Jyotsna Padmanabhan, 18, is not bothered by the fact that she has been stoking a fire among the conservative Brahmin community in Kerala. That’s because she has become Kerala’s first woman priest breaking centuries-old tradition of males leading the ceremonies. The state had grabbed headlines when it appointed 36 non-Brahmins, including six Dalits, as priests in temples under the Travancore Devaswom Board, which manages at least 1,248 shrines, including the Lord Ayyappa Temple at Sabarimala—entry of women is restricted in the temple—in October 2017.
Jyotsna, who works at Sree Krishna Temple, Ponjanam, near Kattoor in Thrissur, was not much aware about the debates taking place about whether young women should be allowed to enter temples like Sabarimala. “According to my belief, the position of women is well-defined in tantra,” says the BA Sanskrit second-year student at Sree Sankara College, Kalady.
She was exposed to tantric rituals right from her childhood. “I had conducted installation of a goddess’ idol at the temple when I was 12. And since then, I had been holding temple rituals,” says Jyotsna. Her father, who is the chief priest of the temple, Padmanabhan Naboothiripad of Tharanellur Thekkiniyedathu Mana, says, “No Hindu or tantric tradition prohibits women from performing rituals in temples. In fact, women are the most appropriate person to hold priestly pujas as the psyche of a woman is more charged with spiritual awareness than men. And it is a fact that awakening happens more quickly in a female than a male.”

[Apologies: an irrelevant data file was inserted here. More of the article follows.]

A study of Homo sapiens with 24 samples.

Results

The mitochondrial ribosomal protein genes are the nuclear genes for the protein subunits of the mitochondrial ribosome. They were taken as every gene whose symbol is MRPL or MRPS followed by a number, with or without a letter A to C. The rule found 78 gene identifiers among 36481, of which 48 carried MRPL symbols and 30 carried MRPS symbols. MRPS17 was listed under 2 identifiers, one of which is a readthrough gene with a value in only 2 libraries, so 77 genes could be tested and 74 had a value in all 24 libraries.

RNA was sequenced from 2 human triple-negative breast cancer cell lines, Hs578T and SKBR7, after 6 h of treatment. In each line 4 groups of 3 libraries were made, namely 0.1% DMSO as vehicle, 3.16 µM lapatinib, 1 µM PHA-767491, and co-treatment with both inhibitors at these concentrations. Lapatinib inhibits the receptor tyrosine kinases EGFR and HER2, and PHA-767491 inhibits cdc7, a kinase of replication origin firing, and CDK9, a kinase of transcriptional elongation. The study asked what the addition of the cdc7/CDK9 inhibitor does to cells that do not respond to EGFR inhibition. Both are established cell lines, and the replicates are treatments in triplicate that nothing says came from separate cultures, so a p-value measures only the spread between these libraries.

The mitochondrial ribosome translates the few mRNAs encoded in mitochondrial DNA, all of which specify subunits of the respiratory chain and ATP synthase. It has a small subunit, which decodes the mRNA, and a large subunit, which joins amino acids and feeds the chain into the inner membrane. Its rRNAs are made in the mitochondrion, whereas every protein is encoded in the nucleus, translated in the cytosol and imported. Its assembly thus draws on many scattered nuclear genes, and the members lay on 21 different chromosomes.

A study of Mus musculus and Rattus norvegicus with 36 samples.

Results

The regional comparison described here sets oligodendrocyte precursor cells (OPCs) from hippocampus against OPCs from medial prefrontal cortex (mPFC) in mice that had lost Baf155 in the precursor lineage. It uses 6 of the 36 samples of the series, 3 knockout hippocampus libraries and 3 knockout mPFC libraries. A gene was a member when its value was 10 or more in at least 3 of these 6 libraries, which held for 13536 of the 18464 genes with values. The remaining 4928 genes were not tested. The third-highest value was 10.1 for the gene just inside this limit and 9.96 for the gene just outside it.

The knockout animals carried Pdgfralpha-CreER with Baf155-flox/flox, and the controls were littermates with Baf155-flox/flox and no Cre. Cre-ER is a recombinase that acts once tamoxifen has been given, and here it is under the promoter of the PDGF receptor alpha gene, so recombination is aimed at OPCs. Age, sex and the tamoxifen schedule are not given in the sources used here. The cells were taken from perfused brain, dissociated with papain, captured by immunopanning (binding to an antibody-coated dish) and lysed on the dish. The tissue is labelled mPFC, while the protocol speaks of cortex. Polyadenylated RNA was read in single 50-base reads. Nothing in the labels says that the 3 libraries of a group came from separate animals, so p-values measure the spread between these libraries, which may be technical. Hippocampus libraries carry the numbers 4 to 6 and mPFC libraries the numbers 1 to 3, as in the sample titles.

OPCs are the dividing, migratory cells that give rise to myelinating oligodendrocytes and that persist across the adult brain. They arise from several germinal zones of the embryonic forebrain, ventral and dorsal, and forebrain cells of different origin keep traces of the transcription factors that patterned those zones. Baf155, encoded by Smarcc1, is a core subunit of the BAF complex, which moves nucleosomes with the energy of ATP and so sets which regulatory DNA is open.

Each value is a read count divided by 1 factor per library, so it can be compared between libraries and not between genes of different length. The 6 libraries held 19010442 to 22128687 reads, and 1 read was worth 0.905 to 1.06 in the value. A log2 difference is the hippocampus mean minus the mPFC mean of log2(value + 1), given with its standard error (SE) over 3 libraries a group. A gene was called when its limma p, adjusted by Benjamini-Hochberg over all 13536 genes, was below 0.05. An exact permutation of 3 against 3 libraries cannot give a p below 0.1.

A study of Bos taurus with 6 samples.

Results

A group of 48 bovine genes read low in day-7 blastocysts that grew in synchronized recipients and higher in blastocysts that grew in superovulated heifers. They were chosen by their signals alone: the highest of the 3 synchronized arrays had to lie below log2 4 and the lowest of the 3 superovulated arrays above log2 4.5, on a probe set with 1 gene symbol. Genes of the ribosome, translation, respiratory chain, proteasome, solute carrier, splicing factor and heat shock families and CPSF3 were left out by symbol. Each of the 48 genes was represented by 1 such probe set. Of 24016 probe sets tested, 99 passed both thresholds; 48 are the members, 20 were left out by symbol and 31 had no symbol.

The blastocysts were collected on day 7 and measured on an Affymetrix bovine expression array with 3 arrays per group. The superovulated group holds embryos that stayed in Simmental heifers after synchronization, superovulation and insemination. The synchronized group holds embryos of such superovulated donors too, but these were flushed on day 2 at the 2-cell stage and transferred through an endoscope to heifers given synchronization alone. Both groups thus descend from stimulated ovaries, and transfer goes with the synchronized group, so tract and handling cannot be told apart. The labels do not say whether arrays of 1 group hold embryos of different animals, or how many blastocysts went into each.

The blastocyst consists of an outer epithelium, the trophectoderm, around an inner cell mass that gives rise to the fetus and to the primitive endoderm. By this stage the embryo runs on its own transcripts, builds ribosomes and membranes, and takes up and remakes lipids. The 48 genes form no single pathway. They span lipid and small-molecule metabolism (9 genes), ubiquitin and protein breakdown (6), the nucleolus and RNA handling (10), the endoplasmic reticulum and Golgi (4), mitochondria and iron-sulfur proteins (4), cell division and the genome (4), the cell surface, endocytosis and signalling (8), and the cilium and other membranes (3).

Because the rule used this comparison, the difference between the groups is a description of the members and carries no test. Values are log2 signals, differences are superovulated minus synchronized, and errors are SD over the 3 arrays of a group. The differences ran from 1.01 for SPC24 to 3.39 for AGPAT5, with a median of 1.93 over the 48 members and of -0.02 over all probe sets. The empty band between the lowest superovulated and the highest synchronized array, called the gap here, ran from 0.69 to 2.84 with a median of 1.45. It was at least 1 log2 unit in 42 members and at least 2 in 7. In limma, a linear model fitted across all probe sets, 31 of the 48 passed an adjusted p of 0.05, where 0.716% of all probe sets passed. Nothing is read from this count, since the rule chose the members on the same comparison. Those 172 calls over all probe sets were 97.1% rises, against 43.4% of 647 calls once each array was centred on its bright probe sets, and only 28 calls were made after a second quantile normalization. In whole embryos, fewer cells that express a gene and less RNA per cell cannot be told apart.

She says she had stepped into the priesthood, not with a focus on breaking the barriers of gender and age. “I feel self-absorbed, pious and emotionally connected to the supreme power while doing the daily pujas,” she says. “For me, it is upasana and I don’t take it as a job.” Tharanellur Veluthedathu Padmanabhan Namboothiripad, a priest of the Thriprayar Sri Rama Temple, had initiated Jyotsna into the world of tantra. “Man is not complete without a woman as she is the centre of power. So is the case with god, which is evident from the fact that Shakti is considered as a creator, and Shiva is instrumental—two important poles of energy in tantra,” he says.
Talking about differing beliefs of people on whether women should be allowed to do puja in temples, 52-year-old Yashodharan, who resides close to the temple, says, “I was quite doubtful about the efficacy of her pujas in the initial days as we were witnessing a totally different custom. But gradually, I came to terms with the reality as she was more emotionally charged and absorbed while doing pujas, than anyone else.”
Jyotsna doesn’t have any plans to take priesthood as a career. “But I want to do research on tantra from the perspective of women as no one has dared to do such a work till date in my knowledge,” she says.
Akkeeramon Kalidasa Bhattathirippad, vice-president of the All India Brahmin Federation, says, “The ancient texts do not forbid the women from performing pujas and rituals. The only thing is that women, who wish to perform the rituals, should rise to an exalted position mentally and physically.”
He says the dedication of a woman—be it in the case of upasana or rearing kids—is far superior to men. “So technically, they are fit to perform the tantric rituals. But they should follow the customs, traditions, and precedence laid down by the acharyas, as sanctity is very important in temple rituals,” Bhattathirippad adds.